What is the change? Panama has overhauled its immigration and labor laws.

What does the change mean? The changes include creation of a new temporary visa for U.S. nationals, extension of work permit validity in some categories while restricting it in others, and eased procedures for professional work permit applications.

  • Implementation time frame: Immediate and ongoing.
  • Visas/permits affected: Temporary stay visas for U.S. nationals, work permits for permanent residents, work permits under the 10% or 15% quota, visas for spouses of Panamanian nationals, short-term work permits, visas for aviation personnel, work permits for refugees, work permits under the Marrakesh Agreement, professional work permits.
  • Who is affected: Employers and foreign nationals applying for any of the visas or permits listed above.

Additional information: The reforms were announced in late May and took immediate effect. Among key changes, officials have:

  • Created a new temporary stay visa for U.S. nationals. The visas are available to U.S. nationals for the purposes of studying, investing or conducting temporary work or technical transference in Panama. The visas are valid for one year and renewable up to a total of five years. While the regulations do not specifically require a separate work permit, U.S. nationals using a temporary stay visa are encouraged to obtain a temporary work permit as well.
  • Created a new three-year work permit for foreign nationals with permanent residence. Anyone holding permanent residence will be able to obtain a renewable work permit valid for three years at a time. Applicants in this category will not need to obtain company sponsorship or a quota allocation. Previously, some categories of permanent residents were not eligible for work authorization.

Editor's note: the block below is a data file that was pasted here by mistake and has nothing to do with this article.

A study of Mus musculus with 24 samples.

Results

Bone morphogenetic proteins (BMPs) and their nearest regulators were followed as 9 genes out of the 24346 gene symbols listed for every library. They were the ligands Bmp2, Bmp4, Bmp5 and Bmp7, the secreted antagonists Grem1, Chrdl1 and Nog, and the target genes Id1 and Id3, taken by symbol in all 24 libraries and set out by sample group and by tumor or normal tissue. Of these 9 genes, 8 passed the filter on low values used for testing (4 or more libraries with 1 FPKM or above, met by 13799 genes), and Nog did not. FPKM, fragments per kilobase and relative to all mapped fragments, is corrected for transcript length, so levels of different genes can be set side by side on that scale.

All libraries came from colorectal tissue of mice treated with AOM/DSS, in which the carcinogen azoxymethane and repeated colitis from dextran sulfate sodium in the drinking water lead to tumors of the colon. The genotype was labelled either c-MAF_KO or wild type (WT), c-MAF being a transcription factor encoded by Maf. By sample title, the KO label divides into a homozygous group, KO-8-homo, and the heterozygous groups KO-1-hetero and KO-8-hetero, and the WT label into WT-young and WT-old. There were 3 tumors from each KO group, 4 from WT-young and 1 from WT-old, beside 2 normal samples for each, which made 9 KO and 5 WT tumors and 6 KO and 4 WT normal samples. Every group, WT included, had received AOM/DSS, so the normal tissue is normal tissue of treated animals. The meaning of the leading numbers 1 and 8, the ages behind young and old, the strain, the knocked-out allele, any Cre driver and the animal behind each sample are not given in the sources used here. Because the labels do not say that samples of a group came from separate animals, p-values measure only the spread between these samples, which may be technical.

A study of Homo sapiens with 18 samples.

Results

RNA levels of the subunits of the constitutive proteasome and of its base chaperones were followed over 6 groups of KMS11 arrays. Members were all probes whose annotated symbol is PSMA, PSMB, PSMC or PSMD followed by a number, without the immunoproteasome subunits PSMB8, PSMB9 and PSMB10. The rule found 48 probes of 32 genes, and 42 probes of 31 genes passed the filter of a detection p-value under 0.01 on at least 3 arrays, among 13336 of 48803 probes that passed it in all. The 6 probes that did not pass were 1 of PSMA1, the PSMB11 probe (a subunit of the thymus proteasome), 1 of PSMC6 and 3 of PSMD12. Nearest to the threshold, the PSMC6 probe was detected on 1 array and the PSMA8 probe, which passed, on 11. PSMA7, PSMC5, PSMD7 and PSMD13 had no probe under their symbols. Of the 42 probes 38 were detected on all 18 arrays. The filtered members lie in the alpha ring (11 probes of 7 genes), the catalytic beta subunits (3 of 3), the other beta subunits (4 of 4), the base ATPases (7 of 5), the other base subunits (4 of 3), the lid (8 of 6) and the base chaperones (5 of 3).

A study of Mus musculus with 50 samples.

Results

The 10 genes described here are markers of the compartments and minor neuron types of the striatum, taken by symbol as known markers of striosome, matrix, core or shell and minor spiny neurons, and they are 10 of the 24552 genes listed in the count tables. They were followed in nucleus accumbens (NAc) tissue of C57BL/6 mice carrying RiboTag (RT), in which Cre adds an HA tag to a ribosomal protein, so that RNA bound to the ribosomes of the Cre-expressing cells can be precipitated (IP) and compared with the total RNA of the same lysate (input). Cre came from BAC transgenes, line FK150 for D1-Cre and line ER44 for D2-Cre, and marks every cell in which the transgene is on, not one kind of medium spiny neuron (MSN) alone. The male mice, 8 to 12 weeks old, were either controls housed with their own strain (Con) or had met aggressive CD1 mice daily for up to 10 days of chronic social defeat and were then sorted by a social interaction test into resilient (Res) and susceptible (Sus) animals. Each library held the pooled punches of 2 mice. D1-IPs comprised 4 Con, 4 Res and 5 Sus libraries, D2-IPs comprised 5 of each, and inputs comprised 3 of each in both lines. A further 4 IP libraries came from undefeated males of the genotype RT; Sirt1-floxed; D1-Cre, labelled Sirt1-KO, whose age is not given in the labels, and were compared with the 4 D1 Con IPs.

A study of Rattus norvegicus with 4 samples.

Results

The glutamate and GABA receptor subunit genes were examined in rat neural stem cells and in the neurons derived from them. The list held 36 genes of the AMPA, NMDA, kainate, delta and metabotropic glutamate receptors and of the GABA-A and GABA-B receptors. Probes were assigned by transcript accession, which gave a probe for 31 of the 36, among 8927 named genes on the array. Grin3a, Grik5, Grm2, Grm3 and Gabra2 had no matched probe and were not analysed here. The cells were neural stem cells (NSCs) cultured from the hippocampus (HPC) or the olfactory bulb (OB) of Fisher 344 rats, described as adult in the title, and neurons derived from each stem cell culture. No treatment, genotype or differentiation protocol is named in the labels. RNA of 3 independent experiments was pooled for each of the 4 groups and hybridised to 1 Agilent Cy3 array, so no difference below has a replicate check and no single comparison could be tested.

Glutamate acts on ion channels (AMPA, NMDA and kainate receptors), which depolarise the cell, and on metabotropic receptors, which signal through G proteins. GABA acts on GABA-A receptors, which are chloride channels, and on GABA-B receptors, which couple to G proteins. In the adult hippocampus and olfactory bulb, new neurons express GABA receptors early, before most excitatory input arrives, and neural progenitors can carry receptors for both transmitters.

• Extended the validity of work permits under the 10% or 15% quota. Work permits under the 10% or 15% quota will now be valid for two years, renewable in two-year periods. After 10 years, work permit holders in these categories may apply for an indefinite work permit.
  • Extended the validity of visas for spouses of Panamanian nationals to two years. Work permits for spouses of Panamanian citizens will now be initially valid for two years, renewable in three-year periods. After 10 years, visa holders in this category may apply for an indefinite work permit.
  • Restricted the validity of visas for aviation personnel. Permits in this category will be limited to a two-year validity period, renewable twice for a total of six years.
  • Restricted the validity of work permits for refugees. Work permits in this category will be issued with a one-year validity period, renewable once for an additional year.
  • Imposed a new rule on companies using the Marrakesh Agreement. Only companies with at least three Panamanian employees will be able to apply for work permits under the agreement, which allows companies with fewer than 10 employees to sponsor one foreign worker.
  • Changed requirements for professional work permit applicants. Applicants may now submit applications while their professional visa applications are pending by providing a temporary immigration ID card, a copy of a final immigration ID card or a copy of a permanent residence card issued by the Civil Registry. First-time applicants will be required to provide an apostilled copy of their university degree.

Analysis & Comments: On the whole, the changes will help companies recruit and retain foreign nationals in Panama. In some cases, however, work permits will be restricted or subject to additional application requirements. Employers are encouraged to review the new rules and amend immigration and recruitment plans as needed.

Source: Deloitte LLP. Deloitte LLP is a limited liability partnership registered in England and Wales with registered number OC303675 and its registered office at 1 New Street Square, London EC4A 3HQ, United Kingdom.